As the delayed hearing in the case brought by the Interactive Media Entertainment & Gaming Association [iMEGA] nears its now-changed September 26th date, an additional wrinkle in the matter has emerged: The U.S. has also filed a cross-motion to dismiss the matter in its entirety, asserting, among other claims, that iMEGA lacks standing and that the case as brought is 'unripe'.
The case brought in a New Jersey federal court, Interactive Media Entertainment and Gaming Association LLC v. Alberto Gonzalez, was the first organized legal effort against the Unlawful Internet Gambling Enforcement Act itself. iMEGA's initial complaint sought a temporary restraining order against implementation of the UIGEA on multiple grounds, including the restriction of a form of 'consensual private conduct,' an overbroad criminalization of financial transactions relating to online gambling, and an inconsistent and therefore unconstitutional regulation of states' rights matters. According to that initial complaint, "iMEGA was formed to represent the interests of its members, who are businesses or individuals involved in Internet interactive media, entertainment and gaming, including Internet gambling."
The United States Department of Justice had initially requested a two-week delay in responding to the iMEGA complaint, which itself had an original deadline of August 17th. That request, which has since been granted, backed off the U.S.'s deadline to respond until September 4th itself, and the two parties have now agreed to a delayed hearing which will occur on September 26th.
However, the United States on August 21st also filed notice that it will move for dismissal of the case itself at the September 4th hearing, citing a "lack of jurisdiction" and "failure to state a claim upon which relief can be granted."
Further documents from the U.S. filing offer additional insight into the U.S. position. "Plaintiff purports to sue on behalf of its members who fear prosecution under the UIGEA. None of Plaintiff's members, however, has been prosecuted or threatened with prosecution. Thus, their fears are insufficient to confer standing on them or on an association purporting to represent them." Whether or not this assertion will be found to have merit remains to be determined.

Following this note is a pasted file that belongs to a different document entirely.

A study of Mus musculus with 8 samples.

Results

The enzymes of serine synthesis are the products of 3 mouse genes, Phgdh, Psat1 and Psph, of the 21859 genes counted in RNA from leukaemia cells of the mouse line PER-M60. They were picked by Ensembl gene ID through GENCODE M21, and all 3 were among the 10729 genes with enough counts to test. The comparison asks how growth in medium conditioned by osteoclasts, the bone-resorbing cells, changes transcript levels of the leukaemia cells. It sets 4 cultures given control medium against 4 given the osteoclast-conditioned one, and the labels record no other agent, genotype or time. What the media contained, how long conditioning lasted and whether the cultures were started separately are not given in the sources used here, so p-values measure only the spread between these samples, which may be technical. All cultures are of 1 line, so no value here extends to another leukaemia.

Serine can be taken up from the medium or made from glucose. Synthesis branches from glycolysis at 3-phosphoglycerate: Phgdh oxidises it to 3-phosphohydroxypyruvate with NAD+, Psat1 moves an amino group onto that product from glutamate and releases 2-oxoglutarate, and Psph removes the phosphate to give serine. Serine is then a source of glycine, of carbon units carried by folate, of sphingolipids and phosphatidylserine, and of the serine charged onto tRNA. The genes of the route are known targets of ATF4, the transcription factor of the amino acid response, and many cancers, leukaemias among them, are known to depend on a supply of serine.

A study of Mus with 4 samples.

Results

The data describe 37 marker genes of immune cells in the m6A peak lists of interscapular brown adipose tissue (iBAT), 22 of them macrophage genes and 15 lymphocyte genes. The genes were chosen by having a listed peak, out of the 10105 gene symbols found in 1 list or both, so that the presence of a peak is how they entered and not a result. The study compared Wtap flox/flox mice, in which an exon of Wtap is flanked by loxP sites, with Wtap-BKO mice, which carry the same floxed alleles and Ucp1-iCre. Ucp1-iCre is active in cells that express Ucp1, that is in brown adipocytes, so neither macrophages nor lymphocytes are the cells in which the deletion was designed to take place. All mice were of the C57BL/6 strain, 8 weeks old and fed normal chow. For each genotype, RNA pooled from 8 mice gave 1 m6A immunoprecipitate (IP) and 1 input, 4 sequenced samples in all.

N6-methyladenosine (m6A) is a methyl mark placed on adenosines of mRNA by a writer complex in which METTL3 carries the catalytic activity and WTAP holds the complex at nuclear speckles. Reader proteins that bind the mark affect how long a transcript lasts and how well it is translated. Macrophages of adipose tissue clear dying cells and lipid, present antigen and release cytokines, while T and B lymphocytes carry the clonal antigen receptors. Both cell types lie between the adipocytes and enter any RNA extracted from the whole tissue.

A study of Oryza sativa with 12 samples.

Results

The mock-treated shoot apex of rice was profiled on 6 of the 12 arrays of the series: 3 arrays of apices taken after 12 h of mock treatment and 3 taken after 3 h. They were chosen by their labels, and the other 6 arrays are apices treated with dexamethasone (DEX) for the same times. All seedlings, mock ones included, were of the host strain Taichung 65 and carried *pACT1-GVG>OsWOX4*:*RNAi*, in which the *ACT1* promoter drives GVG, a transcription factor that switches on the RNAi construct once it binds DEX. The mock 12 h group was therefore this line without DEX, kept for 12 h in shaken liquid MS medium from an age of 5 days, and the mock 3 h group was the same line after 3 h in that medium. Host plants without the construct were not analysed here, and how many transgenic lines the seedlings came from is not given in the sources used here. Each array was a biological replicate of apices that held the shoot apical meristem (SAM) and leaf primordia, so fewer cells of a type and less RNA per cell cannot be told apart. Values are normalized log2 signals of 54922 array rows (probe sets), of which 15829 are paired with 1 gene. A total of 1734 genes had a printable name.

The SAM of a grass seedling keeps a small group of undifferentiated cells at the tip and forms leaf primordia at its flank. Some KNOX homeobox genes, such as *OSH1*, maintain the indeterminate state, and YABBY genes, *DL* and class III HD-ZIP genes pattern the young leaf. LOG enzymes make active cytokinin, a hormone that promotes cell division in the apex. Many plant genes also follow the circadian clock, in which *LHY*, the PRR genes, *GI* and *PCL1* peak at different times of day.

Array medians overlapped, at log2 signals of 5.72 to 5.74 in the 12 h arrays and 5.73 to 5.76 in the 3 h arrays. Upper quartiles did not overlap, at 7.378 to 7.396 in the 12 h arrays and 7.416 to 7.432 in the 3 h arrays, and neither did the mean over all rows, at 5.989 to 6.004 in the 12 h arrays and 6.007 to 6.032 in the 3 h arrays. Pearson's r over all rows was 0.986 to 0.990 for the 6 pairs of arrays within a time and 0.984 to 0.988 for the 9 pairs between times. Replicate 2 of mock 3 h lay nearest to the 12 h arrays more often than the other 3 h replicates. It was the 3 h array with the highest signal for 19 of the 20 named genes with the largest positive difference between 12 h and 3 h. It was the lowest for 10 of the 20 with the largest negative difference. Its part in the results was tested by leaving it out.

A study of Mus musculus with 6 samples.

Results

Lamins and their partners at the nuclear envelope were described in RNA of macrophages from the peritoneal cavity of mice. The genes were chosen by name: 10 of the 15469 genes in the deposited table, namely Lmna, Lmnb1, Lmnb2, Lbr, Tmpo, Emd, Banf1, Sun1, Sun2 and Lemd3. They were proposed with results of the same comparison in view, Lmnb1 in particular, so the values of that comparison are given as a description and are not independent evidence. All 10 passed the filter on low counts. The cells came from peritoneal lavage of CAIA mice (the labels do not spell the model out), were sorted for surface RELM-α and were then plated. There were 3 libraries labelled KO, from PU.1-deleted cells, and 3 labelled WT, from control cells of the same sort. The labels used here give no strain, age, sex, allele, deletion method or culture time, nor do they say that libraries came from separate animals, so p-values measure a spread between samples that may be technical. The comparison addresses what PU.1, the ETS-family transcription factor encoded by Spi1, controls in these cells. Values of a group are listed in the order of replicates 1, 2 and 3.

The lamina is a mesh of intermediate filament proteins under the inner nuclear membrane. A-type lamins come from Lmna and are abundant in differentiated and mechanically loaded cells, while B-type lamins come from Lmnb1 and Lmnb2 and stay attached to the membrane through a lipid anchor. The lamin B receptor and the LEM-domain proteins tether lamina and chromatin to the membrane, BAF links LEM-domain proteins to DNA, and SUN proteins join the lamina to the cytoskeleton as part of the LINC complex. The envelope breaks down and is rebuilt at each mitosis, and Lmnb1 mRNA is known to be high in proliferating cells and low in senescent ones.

Elsewhere, the U.S. cross-motion to dismiss raises the contention that the iMEGA filing is unripe. 'Ripeness' is a legal doctrine that means that a case cannot be judged based on events that have yet to occur; in this matter, the U.S. is alleging that because the financial regulations authorized by the UIGEA have yet to be released, the UIGEA itself cannot be blocked by a temporary restraining order. iMEGA's response to this is likely to show that its members' affiliate signups were dramatically impacted by the UIGEA's October, 2006 passage itself, an event which also caused several major online rooms to withdraw from the U.S. market.
The resignation this past week of U.S. Attorney Alberto Gonzalez has little real impact on the case, despite the specific naming on Gonzalez himself in the filing of the suit. Gonzalez serves as the figurehead for U.S. interests concerning the Department of Justice. As iMEGA president Edward Leyden noted, "The resignation of Attorney General Gonzalez really should have no bearing on the posture of our lawsuit --except for possibly amending the suit to change its caption (an absolutely technical change).
Leyden also noted this, on the Gonzalez resignation: "There is no reason to believe that the policies of the Justice Department — and of the Administration, as a whole — will change substantially, if at all, regardless of whom the President nominates as the new AG [Attorney General]."
That said, iMEGA's own case continues to undergo reexamination and improvement. "As with any lawsuit," commented Leyden, "ours is an evolving being that may well be amended to take into account unfolding events and legal arguments, including naming additional defendants as necessary and appropriate."